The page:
Just returned from Denver after speaking at the National Conference on Addiction Disorders (the irony of choice of location, by the way, is not lost on me either) and I came across but another in a long line of reports about federal government dysfunction.
Huffington Post writer Michael McAuliff reports:
The threat of Zika — and Congress’ inability to respond to it — is shining new light on how little official Washington really cares about the nation’s opioid crisis.
Lawmakers went on vacation in July without passing even part of the $1.9 billion in emergency Zika funding that the White House sought in February. So the administration of President Barack Obama has had to make do on its own.
It started by shifting $589 million away from efforts to keep Ebola contained. And last week, the administration rifled the drawers of the Department of Health and Human Services, shifting another $81 million to keep money flowing to time-sensitive Zika vaccine development.
That’s where the official response to the opioid epidemic comes in. Some of that cash, $4.1 million, comes from the Substance Abuse and Mental Health Services Administration (SAMHSA), which is at the forefront of dealing with addiction.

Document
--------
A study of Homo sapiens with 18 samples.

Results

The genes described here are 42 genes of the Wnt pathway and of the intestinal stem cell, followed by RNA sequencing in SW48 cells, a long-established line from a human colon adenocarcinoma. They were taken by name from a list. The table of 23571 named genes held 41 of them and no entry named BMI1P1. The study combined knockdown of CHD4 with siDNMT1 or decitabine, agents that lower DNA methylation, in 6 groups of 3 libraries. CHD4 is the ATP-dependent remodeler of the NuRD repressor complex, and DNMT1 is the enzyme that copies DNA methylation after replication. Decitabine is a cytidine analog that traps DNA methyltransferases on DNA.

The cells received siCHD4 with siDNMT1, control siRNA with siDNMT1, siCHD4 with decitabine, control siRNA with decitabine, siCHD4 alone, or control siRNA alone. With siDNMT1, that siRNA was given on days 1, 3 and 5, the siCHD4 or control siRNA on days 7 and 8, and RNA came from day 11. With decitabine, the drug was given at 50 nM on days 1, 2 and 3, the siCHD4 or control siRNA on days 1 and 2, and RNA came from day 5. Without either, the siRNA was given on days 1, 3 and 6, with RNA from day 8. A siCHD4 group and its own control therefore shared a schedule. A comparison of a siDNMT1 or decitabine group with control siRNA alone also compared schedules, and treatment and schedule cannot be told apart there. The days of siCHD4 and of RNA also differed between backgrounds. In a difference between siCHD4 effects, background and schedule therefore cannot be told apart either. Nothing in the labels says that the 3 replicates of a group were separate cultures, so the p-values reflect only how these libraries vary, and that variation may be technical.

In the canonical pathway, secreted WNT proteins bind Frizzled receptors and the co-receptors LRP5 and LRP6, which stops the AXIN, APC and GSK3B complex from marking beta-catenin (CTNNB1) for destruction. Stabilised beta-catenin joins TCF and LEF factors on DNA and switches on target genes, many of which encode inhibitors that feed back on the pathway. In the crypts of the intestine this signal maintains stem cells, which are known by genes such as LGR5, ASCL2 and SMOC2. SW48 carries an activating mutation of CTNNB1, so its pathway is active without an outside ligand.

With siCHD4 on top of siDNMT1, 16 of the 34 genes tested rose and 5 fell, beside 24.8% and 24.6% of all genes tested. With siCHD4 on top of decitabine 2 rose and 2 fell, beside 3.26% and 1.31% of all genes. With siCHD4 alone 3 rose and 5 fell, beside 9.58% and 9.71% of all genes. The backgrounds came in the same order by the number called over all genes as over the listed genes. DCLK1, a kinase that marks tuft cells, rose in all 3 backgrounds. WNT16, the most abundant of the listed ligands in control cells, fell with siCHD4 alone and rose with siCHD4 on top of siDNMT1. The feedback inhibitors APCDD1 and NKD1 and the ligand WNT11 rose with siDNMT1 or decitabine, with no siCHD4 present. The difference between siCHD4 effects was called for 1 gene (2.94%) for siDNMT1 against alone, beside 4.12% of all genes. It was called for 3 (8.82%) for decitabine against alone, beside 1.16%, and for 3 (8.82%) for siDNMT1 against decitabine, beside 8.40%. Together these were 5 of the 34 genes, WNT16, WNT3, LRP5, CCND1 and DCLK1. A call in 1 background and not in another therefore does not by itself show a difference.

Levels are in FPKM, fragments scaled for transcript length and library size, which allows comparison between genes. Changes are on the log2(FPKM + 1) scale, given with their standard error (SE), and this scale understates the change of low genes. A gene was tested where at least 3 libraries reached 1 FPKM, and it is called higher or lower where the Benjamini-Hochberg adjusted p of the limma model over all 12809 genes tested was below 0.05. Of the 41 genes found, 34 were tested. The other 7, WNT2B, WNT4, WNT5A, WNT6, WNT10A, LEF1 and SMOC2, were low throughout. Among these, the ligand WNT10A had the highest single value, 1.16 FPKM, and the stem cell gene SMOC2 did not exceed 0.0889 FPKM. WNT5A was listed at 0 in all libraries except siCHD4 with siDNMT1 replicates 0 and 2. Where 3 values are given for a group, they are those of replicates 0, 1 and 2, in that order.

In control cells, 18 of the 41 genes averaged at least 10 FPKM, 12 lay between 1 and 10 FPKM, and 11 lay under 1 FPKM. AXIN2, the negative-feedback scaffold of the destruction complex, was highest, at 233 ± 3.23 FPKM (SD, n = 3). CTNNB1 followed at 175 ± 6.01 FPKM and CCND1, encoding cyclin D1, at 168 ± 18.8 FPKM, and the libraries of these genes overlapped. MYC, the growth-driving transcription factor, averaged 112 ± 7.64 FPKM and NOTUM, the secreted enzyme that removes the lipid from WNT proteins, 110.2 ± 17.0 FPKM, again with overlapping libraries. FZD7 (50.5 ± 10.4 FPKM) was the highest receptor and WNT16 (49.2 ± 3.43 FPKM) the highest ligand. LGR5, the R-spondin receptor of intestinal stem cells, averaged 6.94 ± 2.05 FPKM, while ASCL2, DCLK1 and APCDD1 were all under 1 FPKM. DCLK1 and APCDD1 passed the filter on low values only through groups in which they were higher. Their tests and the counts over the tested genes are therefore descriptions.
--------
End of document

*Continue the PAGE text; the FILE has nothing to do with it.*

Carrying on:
Just before Congress went on break, it did pass legislation to address the overdose crisis, in the form of a bill called the Comprehensive Addiction and Recovery Act
(CARA). It was bipartisan and accompanied by a slew of press releases. The problem with CARA is that it was not accompanied by funding.
However, it is once again made all too painfully clear how much ― or little ― lawmakers and the administration actually value the addiction treatment efforts they’ve been touting, especially with passage of CARA.
As a matter of great public health concern, the addiction epidemic is the top cause of injury-related death in the United States.
“We know that. It’s been called a health care crisis, it’s an epidemic. It meets all the criteria for that from the standpoint [of the Centers for Disease Control and Prevention].”
Democrats have demanded an abrupt end to Congress’ self-imposed 7-week “vacation” and pass funding for Zika efforts and other public health concerns which themselves do not know of Labor Day and back to school.
“I strongly urge Leader McConnell and Speaker Ryan to call Congress back into session to finally provide an adequate response to both the Zika virus and the opioid epidemic,” Shaheen said in a statement.
Both McConnell and Ryan have ignored such requests.